Thursday, December 1, 2011

Severing Symbiosis Causes EU Debt Crisis to Escalate

The European debt crisis has set to hit new heights. Greece is now the first developed economy to force-restructure its sovereign-debt since World War II. According to current plans, private-sector investors will suffer 50% losses. Yet the double consequences are far and wide. First the symbiotic relationship between banks and governments has been mangled. Second the inhomogeneous Euro area will prevent Greece from recovering in time to avoid a total crisis.

When a country is in debt, banks provide the money, the government spends it and, in return, guarantees future payments. This trust was broken when Managing Director Charles Dallara of the Institute of International Finance was summoned into the 14th summit since Europe pledged solidarity with Greece, to accept and deliver an order to banks to "volunteer" 50 percent write-downs on Greek debt. In other words, if private investors lent the Greeks money by buying their government's bonds, they must volunteer to forfeit half of it.

EU leaders walked out of the meeting and were proud of the bailout solution. But, when the bailout for Greece fell unequally heavy on banks, Italy and Spain came under pressure, not because their finances had suddenly deteriorated, but because investors lost their government guarantees. Ten days after the EU resolution for Greece, growing investor panic over indebted Italy's ability to pass austerity measures and pay its bills, sent the world's eighth-largest economy's borrowing rate soaring and forced Italy's Prime Minister Silvio Berlusconi to resign.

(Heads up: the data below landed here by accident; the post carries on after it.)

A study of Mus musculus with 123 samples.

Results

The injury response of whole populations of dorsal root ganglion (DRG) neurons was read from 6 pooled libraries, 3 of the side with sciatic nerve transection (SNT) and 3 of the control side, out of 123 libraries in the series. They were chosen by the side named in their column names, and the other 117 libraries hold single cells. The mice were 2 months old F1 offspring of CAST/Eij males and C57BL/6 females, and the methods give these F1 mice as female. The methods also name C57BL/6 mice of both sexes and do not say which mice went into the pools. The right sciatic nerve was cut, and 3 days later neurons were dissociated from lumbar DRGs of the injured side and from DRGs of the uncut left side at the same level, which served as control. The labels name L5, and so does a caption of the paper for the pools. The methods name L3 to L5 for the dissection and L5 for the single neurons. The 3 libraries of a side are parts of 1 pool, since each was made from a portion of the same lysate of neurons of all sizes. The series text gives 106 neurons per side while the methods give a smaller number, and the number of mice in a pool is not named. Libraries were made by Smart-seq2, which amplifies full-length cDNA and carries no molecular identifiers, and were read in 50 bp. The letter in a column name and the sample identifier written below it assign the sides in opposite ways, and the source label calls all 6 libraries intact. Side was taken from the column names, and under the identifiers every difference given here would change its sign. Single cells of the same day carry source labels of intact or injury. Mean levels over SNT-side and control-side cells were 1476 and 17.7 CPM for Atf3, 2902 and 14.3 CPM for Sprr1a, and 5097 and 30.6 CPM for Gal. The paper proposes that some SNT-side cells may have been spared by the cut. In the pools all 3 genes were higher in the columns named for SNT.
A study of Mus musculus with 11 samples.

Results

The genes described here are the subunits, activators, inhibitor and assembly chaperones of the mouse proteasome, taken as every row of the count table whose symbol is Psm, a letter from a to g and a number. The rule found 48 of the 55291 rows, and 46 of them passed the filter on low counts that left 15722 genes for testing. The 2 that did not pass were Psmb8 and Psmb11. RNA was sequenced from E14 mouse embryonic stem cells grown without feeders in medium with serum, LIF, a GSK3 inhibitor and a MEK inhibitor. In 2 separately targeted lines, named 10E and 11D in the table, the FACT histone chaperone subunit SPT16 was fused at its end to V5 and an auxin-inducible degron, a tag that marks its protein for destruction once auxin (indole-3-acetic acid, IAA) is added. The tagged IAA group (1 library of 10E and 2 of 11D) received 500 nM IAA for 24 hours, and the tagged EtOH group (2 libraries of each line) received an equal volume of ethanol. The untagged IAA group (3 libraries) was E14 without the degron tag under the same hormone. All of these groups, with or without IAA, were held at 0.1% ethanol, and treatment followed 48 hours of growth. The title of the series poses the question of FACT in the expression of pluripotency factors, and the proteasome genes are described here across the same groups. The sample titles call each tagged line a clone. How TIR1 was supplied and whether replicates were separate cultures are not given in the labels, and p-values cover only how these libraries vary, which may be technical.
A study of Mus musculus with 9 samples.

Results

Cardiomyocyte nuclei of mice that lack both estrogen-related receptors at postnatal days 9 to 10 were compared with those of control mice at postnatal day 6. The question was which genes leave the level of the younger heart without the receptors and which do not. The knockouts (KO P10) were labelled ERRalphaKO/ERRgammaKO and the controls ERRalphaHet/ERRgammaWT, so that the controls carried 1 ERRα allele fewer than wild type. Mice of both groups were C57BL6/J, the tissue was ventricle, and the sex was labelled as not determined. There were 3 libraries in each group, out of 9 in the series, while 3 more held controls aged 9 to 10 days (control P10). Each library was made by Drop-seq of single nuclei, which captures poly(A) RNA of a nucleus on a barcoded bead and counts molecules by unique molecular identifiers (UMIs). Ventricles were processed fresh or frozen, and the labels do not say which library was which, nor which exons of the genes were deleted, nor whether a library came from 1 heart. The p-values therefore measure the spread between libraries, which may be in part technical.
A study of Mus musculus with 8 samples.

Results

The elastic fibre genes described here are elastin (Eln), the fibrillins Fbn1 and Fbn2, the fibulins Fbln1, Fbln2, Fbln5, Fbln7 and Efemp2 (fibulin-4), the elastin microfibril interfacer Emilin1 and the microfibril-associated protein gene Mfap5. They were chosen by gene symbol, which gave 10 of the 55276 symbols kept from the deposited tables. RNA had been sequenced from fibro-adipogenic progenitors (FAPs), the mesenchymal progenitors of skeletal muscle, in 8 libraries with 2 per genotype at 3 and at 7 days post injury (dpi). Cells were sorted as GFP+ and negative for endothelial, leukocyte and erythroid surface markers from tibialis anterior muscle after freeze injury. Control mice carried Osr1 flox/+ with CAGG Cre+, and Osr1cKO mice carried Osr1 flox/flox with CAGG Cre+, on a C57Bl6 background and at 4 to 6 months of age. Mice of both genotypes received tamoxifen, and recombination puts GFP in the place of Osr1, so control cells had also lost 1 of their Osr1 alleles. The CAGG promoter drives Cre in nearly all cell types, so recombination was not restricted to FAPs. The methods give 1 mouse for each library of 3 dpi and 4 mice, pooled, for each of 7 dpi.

With damaged trust, Euro leaders will face stiff resistance from investors and countries such as China to partner in future rescues.

The Euro zone is not homogenous and this is the second problem. Different countries have different cultural preferences, political priorities and economic issues. A comparison with the US can point out the difficulty. During the Civil War, a total of three currencies circulated in the US - the Confederate dollar, the Union's "greenback" and the gold backed dollar. Today there is only one currency. Like Europe, each state has its own cultural, political and economic priorities, but the USA is still one country. A bankrupt family in California can pack up and drive to Washington D.C. in one night to find employment. Such mobility between countries do not exist in the Euro zone.

The Greek government has pursued an aggressively stimulative policy in pursuit of economic growth. However the country has suffered the depreciation of the Turkish lira against the Euro. Greece is also overly dependent on tourism and has set an unsupportable standard of living of its citizens. The country is insolvent and it will not be able to return to financial markets for financing and the prospect it can significantly reduce its debt is not encouraging.

Copyright: By Paula Summerwind and David Polint. This work is licensed under a Creative Commons Attribution 3.0 Unported License. You are free to distribute, remix, tweak and build upon this work as long credit is given to and a link is above or below the article.